Should Ravens Change NFL Draft Strategy?
The Baltimore Ravens have a long history of winning in the NFL Draft. Ozzie Newsome is a legendary general manager no matter what the future brings. The Ravens have the sixth pick in the 2016 NFL Draft and are desperate to get a superstar. Should the Ravens change their draft strategy?
The Ravens have always believed in drafting the best player available. It has been a good strategy for the Ravens. It helps avoid the pitfalls of the draft like reaching on a player in a position of need. A great player is always better than a lesser player that you happen to need.
The Ravens have a good track record of drafting inside the top 10 picks, even though they haven’t done it much. They drafted Jonathan Ogden with the fourth overall pick in 1996. They Drafted Jamal Lewis with the 5th overall pick in the 2000 NFL Draft. They also grabbed Terrell Suggs with the 10th pick in 2003. One can only hope that their selection in the first round of this year’s draft has the kind of impact that those players have had.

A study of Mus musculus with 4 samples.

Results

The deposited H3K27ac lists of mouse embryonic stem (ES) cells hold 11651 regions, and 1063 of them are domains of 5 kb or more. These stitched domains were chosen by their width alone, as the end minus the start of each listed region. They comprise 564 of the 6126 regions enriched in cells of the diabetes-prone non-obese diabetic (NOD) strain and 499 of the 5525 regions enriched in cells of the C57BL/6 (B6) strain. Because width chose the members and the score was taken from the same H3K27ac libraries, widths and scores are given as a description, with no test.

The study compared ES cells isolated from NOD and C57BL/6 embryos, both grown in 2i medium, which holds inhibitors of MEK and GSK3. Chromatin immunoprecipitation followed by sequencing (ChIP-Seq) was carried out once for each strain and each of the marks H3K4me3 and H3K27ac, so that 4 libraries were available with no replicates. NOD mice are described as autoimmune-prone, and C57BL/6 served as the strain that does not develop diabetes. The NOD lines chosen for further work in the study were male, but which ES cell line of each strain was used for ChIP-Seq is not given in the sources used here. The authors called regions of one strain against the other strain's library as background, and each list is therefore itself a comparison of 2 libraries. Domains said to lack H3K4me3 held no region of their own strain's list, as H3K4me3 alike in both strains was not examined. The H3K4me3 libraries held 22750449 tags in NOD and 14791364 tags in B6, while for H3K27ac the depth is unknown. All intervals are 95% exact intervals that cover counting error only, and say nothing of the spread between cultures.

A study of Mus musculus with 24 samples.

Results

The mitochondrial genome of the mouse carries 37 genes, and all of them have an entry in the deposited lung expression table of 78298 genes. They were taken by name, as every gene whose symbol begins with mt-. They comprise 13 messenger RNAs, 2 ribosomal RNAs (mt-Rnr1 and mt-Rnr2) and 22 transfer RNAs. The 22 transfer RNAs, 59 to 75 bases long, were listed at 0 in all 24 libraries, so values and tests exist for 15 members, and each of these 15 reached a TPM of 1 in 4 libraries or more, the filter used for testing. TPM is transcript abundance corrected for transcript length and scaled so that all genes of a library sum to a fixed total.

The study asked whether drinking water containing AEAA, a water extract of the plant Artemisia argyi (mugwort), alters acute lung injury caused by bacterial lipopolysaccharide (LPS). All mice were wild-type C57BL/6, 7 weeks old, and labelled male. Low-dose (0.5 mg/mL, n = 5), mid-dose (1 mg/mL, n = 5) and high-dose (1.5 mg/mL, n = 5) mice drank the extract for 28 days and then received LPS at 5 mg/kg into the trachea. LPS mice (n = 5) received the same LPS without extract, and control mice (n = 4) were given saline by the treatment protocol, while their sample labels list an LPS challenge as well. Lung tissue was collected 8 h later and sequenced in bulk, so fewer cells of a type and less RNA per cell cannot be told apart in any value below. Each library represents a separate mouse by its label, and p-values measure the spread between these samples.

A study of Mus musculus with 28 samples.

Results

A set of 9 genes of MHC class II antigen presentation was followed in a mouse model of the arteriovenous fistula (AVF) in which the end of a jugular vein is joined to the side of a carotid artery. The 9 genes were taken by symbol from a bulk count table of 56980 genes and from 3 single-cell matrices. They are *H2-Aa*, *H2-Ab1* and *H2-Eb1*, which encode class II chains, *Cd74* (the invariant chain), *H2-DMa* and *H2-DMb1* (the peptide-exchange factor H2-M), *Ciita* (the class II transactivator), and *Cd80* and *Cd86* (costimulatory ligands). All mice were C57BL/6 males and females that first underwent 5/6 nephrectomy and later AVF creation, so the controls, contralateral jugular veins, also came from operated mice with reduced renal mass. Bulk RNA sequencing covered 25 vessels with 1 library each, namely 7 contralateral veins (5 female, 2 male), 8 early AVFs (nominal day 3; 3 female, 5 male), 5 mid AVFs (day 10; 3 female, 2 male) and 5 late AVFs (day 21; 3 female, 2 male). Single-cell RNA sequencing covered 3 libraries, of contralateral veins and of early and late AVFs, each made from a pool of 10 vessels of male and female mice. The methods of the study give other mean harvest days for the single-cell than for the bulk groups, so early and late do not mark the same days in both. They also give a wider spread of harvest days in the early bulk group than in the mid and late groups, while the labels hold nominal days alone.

If the Ravens draft anything but a receiver, defensive back or a left tackle with the sixth overall pick they are doing themselves a disservice. We don’t need Robert Nkemdiche to help the defensive line, though he may very well be the best player on the board with the sixth overall pick. While the Ravens could use a young pass rusher, I’d rather have a Jalen Ramsey or a Laquan Treadwell than Joey Bosa. Best player available won’t necessarily get the Ravens the best possible draft pick.
The Ravens should draft the best possible player at a position of need. It is a simple modification to the usual strategy of the Ravens. The Ravens need their sixth draft pick to be a catalyst in the effort of rebounding in 2016. Newsome and Eric DeCosta have to be thinking about two things when evaluating draft prospects this season: 1. Do this prospect fill a team need? 2. Will this prospect make an immediate impact?